Here's something you might not know: in the past, Subaru has dabbled with Outback versions of its Legacy sedan – mainly for the American market, which likes the whole crossover ethos but maintains a strong preference for the more traditional sedan body shape, especially in more upmarket models.
Sounds weird to us wagon-obsessed Kiwis, but why not? There's more to recreational all-road driving than just carrying bikes or heading up the mountain with a load of skis.
Anyway, that's the background to the new Legacy X sedan just launched here. It's a three-box sedan with all the bells and whistles, coming only with the top 3.6-litre boxer-six engine. It's also raised up 50mm, giving 200mm of ground clearance: the same as the pre-facelift Outback (the latest wagon, also just launched, has gained another 13mm).
The Legacy X isn't dressed up like a pseudo off-roader. It has the wider track and flared guards of an Outback, but everything is body-colour and really the appearance is supposed to be that of a premium sedan.
A premium sedan it is, with a pricetag of $67,990 and every piece of cabin equipment currently available from Subaru. It's still not quite the most expensive Legacy, though: that would be the $69,990 GT Spec.B turbo.
Who will buy the Legacy X? Not many people, admits Subaru New Zealand, which says it would be happy to sell 20 per year. After all, 90 percent of its sales in New Zealand are wagons.
But it sees the Legacy X as an alternative to high-tech European cars and reckons potential customers might be business people living in rural areas (or with rural clients) who want the dignity and presence of a posh sedan but also need to press on when the roads turn rough. Farmers even, who once upon a time might have driven a top-line Commodore or Falcon.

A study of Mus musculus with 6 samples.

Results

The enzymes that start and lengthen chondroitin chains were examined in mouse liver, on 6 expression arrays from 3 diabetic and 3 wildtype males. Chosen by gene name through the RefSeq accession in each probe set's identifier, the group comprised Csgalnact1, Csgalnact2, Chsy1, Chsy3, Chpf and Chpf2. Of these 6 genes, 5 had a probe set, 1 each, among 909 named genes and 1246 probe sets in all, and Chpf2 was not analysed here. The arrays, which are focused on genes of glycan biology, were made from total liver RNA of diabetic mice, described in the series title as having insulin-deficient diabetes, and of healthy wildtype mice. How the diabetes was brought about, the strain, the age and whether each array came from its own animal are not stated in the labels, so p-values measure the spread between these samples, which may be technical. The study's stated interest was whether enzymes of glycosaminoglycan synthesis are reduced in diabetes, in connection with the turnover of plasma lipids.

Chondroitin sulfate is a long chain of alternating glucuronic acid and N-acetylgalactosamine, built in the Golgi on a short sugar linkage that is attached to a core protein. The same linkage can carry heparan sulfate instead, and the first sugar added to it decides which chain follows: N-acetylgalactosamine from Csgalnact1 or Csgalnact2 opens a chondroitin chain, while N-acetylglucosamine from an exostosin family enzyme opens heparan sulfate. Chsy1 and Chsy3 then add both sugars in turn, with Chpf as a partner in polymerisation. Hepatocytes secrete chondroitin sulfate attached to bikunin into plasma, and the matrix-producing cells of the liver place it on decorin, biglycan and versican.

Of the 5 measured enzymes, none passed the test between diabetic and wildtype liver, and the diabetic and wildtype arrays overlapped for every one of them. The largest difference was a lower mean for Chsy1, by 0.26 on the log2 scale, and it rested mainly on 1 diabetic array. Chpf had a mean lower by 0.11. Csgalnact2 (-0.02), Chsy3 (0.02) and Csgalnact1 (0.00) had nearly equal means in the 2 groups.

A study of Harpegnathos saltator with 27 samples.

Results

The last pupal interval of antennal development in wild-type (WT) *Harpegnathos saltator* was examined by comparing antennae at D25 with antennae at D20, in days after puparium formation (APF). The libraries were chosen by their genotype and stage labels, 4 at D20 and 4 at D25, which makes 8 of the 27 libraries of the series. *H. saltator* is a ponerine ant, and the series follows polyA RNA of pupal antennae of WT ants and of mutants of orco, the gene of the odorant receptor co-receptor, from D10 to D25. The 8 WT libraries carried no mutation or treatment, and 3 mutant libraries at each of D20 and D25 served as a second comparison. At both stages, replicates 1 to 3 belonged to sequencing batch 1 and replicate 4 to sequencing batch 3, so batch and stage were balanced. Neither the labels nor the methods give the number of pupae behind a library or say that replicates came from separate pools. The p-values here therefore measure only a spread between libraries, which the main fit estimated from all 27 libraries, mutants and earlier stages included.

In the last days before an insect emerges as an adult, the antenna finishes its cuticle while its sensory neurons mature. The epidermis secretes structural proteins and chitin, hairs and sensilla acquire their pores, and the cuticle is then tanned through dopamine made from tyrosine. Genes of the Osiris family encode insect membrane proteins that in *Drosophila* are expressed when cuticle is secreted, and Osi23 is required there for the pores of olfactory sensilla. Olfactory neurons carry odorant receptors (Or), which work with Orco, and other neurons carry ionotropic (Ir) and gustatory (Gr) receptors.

Or perhaps just city-bound executive buyers who want something a little bit different. It's certainly that.
I'd love to say I have fully evaluated the Legacy X on road, but in fact I've only had the opportunity to test it on a bumpy, muddy off-road course thus far. We never touched tarmac; that'll have to come later.
But the sight of a luxury sedan with its axles crossed up, or surging through mud high on a hilltop, was quite entertaining. We were following an Outback, which looked quite at home. The Legacy X certainly went everywhere the Outback did, which is just as you expect because they are the same underneath. Both light-duty off-roaders, but surprisingly capable.
In terms of rough-road ability, I think it's safe to say that the Legacy X will go anywhere a potential owner will dare to take it.
The Legacy X is also the vehicle for Subaru's new cutting-edge EyeSight safety technology. The system, which is also fitted to the Legacy GT and top Outback models, employs a pair of forward-facing cameras that 'see' in three dimensions and assess the driving conditions to provide a range of crash-avoidance and driver-assistance technologies.
For example, EyeSight offers a pre-collision braking and brake-assist function that is active all the way up to 160km/h. It can sense if you are approaching the vehicle in front too fast and can not only help you with braking pressure, it will also warn you of impending danger, then automatically take over and try to stop the car to minimise damage – or if you are going less than 30km/h, even bring the car to a halt before an impact occurs.
The same system can retard the throttle if you are about to accelerate into the back of another vehicle – that classic scenario where the car in front at an intersection moves, then suddenly stops without warning.
EyeSight also provides more conventional adaptive cruise control functions: it can 'lock on' to a vehicle in front and stay with it all the way down to a standstill, then automatically start again when that car moves away again. Lane departure warning is also provided.
None of these functions are firsts, but the technology behind them is: no other maker uses a twin-camera system in this way, sans radar or laser. It's intriguing.